Up till that point, the Community had been relieved that its efforts to meet Prindiville’s demands for conducting the Easter liturgy without compromising its integrity had proceeded more or less without incident. There was some tension when Prindiville refused to accept any Eucharistic ministers from the congregation on Holy Thursday and again on Good Friday. Several people tried to reason with P. who, as ever, would not be moved. As a result, over half the congregation abstained from taking Communion.
On Saturday, however, there was uproar at his actions. Virtually the entire congregation – except for a dozen or so Neocats – was left unable to go to Communion, as a matter of principle.
Members of the community distraught at
Neocat behaviour during Easter Saturday Vigil Mass.
Several members of the Community attempted to reason with Prindiville in the sacristy after he left the altar. They included 94-year-old Eileen Burke and her grand daughter Stephanie [see letter], who was reduced to tears by the parish priest’s response. When Stephanie’s father, Len, angrily demanded an explanation from the priest, adding that all his children had been baptised at St Vincent’s and had been welcome there since birth, Prindiville smiled and stated: "I don’t care!"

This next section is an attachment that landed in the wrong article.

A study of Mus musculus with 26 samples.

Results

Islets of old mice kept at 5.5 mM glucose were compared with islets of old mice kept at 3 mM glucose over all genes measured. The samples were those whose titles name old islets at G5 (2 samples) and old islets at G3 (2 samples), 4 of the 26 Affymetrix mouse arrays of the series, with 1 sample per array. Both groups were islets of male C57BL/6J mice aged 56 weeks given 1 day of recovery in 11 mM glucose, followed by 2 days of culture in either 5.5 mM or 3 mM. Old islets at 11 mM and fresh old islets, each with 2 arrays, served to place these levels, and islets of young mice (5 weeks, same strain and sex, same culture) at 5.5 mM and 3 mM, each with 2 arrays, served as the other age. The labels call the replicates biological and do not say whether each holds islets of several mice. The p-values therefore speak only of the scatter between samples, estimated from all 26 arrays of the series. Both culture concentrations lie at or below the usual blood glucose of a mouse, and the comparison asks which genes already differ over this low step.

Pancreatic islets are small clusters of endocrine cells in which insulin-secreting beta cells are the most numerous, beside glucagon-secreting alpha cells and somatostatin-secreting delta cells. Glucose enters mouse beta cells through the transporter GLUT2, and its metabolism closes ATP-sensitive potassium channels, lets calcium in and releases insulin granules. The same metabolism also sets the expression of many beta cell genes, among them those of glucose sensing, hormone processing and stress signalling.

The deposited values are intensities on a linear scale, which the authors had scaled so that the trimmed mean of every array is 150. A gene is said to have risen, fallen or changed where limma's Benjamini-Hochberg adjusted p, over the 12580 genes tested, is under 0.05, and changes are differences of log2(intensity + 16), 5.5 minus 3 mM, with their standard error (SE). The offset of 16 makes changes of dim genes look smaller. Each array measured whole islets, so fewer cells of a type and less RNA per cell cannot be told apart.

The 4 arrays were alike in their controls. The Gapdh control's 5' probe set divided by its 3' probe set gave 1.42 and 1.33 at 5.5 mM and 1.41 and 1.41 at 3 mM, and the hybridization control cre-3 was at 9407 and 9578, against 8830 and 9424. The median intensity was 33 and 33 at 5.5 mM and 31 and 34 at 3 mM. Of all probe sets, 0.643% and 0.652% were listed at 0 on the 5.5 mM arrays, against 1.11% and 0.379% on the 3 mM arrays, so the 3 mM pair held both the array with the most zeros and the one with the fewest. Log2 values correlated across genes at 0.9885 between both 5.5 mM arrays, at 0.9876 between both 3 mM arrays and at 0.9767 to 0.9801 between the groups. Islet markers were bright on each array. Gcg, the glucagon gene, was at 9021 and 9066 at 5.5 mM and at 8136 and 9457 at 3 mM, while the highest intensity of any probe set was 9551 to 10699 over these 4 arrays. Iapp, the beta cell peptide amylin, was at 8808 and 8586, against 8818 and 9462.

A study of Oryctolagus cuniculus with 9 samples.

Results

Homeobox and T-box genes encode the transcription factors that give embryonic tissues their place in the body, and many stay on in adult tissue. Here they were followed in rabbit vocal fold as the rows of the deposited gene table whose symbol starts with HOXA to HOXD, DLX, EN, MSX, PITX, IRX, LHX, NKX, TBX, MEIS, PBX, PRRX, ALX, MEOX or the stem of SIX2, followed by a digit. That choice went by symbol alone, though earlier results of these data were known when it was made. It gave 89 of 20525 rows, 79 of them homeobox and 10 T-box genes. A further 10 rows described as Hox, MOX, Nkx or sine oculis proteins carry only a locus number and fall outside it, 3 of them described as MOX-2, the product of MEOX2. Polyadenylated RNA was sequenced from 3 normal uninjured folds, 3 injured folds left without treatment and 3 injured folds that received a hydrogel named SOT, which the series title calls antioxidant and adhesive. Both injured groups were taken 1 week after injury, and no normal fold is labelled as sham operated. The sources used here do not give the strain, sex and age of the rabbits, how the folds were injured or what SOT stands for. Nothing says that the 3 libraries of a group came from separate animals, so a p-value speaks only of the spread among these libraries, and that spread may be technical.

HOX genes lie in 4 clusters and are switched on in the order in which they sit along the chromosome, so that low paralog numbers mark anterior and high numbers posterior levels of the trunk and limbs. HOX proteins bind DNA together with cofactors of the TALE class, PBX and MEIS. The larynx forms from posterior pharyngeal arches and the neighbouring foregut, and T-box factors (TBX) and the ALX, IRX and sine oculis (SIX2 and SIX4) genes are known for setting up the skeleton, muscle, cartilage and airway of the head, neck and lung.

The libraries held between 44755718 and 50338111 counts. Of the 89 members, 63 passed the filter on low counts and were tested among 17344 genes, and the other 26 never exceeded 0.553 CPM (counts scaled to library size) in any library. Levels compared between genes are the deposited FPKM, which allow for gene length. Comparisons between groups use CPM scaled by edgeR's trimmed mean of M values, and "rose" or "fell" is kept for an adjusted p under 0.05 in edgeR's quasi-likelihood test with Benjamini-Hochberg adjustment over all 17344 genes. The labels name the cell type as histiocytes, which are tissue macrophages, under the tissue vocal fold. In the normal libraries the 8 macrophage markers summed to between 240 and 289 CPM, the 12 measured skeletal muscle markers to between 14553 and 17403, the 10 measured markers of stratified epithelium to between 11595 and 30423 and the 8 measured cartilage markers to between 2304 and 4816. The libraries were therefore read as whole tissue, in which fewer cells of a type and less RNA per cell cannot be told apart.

There was nothing to discuss. The parish priest had spoken, and his word is law.
For as long as the Church Mouse can remember, Ted Kennedy would read from a list of deceased Aboriginal brothers and sisters on Good Friday. Every year the list grew alarmingly longer. The Community struggles to maintain this tradition in spite of Prindiville’s decree that there is no place in the liturgy for such an activity.
This year, in an attempt to keep the peace with the intolerant, rule-obsessed clergy at St Vincent’s it was decided to hold the reading immediately after the "formal" Good Friday ceremony. Sr Marnie Kennedy and Michael Gravener read from the list of names, as it was projected onto the wall behind and to the side of the altar.